BEST’s Blueprint on sustainable development aims to outline what it means to be a sustainable community and what it will take to get there.

Over the coming weeks the Bermuda Sun will continue publishing the text of the Blueprint, section by section.

 


The economic environment is essentially concerned with generating the disposable funds necessary to purchase goods and services. 

The success of the economy is extremely reliant on the health of both the social and physical environments.

Likewise, the health of both the social and physical environments is affected by economic factors. Economic, social and environmental priorities are often complementary rather than competing, and almost always reconcilable — as is the apparent mutually exclusive but wholly artificial choice between jobs vs. trees.

While the Bermuda economy has shown resilience over the past four centuries and has grown enormously over the past several decades, we are now mainly reliant on a single sector, international business, which is in turn reliant on global events.

Cultivating international business will continue to be critical to meet and pay down our recently expanded debt obligations. It will also be important to work to improve our dwindling tourism industry and to consider new avenues for economic diversification in order to provide a broader range of job opportunities and a more robust economic base.

Initiatives to improve our tourism product need to grasp that the beauty and serenity of our physical environment and the safety and friendliness of our society remain, and are likely to remain, our two biggest selling points.

Similarly, the artificial inflation of our economy through construction booms, driven in no small part in recent years by publicly-funded capital projects, provides only short-term benefits and, as experienced recently with the economic downturn and ballooning Government debt, are simply not sustainable in the longer-term. This is particularly true given Bermuda’s limited land mass and significantly dwindling reserves of undeveloped space.

For sustainable economic prosperity to be achieved, careful consideration and incorporation of both environmental and social factors must be an ingredient in any seemingly economic decision.

From a social standpoint, Bermudians must provide a safe and welcoming environment for tourists and companies alike, and Bermudians must be equipped to play an active role in our economy.

From a physical environment standpoint, both our marine and terrestrial environments must be carefully protected and managed to ensure that we can continue to draw tangible and intangible economic benefits from them in the longer-term.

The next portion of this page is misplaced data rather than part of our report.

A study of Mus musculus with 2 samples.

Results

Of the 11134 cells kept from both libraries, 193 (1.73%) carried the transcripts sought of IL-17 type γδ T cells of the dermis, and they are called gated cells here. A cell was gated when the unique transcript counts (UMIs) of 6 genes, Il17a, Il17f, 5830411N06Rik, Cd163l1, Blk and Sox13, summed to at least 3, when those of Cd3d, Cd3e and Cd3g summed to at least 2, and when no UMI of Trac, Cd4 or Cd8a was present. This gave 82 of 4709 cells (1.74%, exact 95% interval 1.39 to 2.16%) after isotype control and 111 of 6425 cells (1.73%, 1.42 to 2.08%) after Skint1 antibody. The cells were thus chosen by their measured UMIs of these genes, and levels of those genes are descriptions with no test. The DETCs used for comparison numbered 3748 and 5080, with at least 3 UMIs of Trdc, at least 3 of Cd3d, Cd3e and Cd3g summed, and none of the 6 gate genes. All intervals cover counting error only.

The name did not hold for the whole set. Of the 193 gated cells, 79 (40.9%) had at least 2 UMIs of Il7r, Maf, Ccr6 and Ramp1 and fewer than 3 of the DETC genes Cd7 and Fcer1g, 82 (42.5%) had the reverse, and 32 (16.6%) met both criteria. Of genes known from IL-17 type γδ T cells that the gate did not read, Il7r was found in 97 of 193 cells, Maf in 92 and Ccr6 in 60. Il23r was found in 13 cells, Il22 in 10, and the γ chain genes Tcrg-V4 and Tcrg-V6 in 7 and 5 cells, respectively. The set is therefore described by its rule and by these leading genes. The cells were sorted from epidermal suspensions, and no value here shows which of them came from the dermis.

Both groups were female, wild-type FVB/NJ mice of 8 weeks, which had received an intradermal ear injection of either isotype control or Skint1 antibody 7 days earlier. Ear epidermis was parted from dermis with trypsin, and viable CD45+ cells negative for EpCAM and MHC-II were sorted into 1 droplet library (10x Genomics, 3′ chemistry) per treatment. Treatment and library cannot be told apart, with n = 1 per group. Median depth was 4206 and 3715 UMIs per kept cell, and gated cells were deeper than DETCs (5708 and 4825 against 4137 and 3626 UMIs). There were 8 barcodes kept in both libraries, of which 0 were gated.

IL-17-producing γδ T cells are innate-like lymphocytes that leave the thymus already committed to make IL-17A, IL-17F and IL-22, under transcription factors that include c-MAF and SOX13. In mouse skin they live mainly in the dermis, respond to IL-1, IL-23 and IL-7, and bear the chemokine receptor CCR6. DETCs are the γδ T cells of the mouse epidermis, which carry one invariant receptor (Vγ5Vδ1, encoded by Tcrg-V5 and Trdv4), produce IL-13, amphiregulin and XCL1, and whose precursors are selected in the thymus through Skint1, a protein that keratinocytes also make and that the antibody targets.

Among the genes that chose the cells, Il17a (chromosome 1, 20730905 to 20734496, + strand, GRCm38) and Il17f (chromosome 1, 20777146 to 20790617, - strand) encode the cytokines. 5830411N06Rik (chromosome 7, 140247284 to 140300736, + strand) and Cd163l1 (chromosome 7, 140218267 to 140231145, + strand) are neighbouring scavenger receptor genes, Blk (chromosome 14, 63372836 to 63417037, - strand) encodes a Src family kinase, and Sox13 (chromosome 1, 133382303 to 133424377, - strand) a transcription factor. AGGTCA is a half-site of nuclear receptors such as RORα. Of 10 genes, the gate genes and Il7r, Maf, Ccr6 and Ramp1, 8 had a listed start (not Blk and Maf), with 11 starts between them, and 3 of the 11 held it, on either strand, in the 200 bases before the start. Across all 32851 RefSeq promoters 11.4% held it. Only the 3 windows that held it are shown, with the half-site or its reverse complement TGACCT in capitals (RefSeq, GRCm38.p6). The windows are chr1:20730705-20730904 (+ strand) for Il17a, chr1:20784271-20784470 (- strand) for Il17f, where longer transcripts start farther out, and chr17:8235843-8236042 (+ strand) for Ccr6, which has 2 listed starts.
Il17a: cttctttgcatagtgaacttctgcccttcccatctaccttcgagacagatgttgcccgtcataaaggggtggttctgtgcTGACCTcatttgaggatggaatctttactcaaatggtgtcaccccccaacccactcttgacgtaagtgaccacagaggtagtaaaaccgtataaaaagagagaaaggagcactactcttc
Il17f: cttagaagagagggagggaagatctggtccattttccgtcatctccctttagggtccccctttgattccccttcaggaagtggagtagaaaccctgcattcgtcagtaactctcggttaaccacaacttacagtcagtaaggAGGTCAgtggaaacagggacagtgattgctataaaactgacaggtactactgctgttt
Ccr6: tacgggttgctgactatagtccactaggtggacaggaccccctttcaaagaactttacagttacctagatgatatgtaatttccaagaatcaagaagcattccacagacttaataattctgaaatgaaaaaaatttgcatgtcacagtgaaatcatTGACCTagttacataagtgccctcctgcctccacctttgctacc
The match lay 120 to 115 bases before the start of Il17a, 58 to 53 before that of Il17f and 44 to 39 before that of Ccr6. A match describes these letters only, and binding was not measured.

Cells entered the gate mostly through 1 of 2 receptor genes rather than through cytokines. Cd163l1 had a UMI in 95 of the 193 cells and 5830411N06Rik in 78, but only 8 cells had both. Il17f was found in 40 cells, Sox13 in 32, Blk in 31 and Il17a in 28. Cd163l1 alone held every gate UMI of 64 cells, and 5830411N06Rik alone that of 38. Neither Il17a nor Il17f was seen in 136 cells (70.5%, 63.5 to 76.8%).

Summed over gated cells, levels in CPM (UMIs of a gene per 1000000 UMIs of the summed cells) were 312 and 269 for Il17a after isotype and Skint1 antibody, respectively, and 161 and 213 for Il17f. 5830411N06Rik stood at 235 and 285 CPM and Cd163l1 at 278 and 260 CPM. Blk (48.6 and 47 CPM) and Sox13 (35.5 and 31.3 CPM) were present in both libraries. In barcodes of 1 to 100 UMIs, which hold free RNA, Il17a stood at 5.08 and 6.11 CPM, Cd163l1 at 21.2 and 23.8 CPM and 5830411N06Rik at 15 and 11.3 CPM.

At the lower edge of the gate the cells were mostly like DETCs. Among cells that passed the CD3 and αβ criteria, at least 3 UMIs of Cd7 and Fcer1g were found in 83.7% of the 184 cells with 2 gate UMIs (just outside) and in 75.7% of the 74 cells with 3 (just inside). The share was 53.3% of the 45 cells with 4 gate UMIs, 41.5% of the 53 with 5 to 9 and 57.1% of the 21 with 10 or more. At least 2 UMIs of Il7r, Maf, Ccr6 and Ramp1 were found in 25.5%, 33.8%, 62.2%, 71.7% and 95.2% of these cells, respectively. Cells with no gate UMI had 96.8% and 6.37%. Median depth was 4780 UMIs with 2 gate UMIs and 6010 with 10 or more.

We examine the following six aspects of the economic environment as examples.

Despite some contraction in recent years, International Business remains the largest pillar of our private sector economy bringing in close to ninety cents of every dollar of foreign currency arriving on the Island.

This foreign currency is now essential to satisfy the demands of public and private expenditure, the servicing of private and public debt, and the paying down of that debt.

With no obvious major alternative revenue streams on the horizon, it will be critical to retain and strengthen our International Business sector for Bermuda to remain solvent.

International Business operates in a global marketplace where there is intense competition for capital. While Bermuda’s key attraction is its low tax structure, there are many other low-tax destinations competing for the same capital.

To remain competitive, Bermuda must provide additional advantages, which historically have included a pleasant physical and social climate, convenient location between Europe and North America, political stability and a high quality of life.

At the most fundamental level, International Business is driven by highly mobile capital and expertise. It is therefore critical to Bermuda’s competitive positioning for us to be welcoming to both. Securing the relevant expertise will remain an important factor. Equally important will be an improved dialogue between industry leaders and policy-makers, particularly on how the island can become a better place to do business.

Alongside its many benefits, International Business places numerous strains on Bermuda’s infrastructure, including increased demands on transportation, power generation, water supply and waste facilities. “Bermudianizing” the sector as much as possible would foster a reduction in the housing and resource demands and reduce some of the negative social and environmental consequences associated with imported labour. In addition to creating more well-paying jobs for locals, this would foster a greater appreciation for the importance of the sector within the wider community.

With a solid education, more Bermudians will be able to offer the necessary skill sets, experience and work ethic required for these companies to succeed.

BEST welcomes more of open, honest and constructive dialogue between policymakers and business leaders focusing on how Bermuda can retain and refine its competitive edge as a destination for global capital and how to get more Bermudians involved in the sector.

BEST also promotes ways for Bermuda’s youth be made aware of the many opportunities available on the island and how best to capitalise on educational opportunities and the various scholarships, internships and jobs available. n

this document was researched and written by members of the BEST research team led by: Alaina Cubbon, Stuart Hayward, Frances Marshall and Marlie Powell

In the next issue: Tourism: Bermuda’s unique potential and its limitations.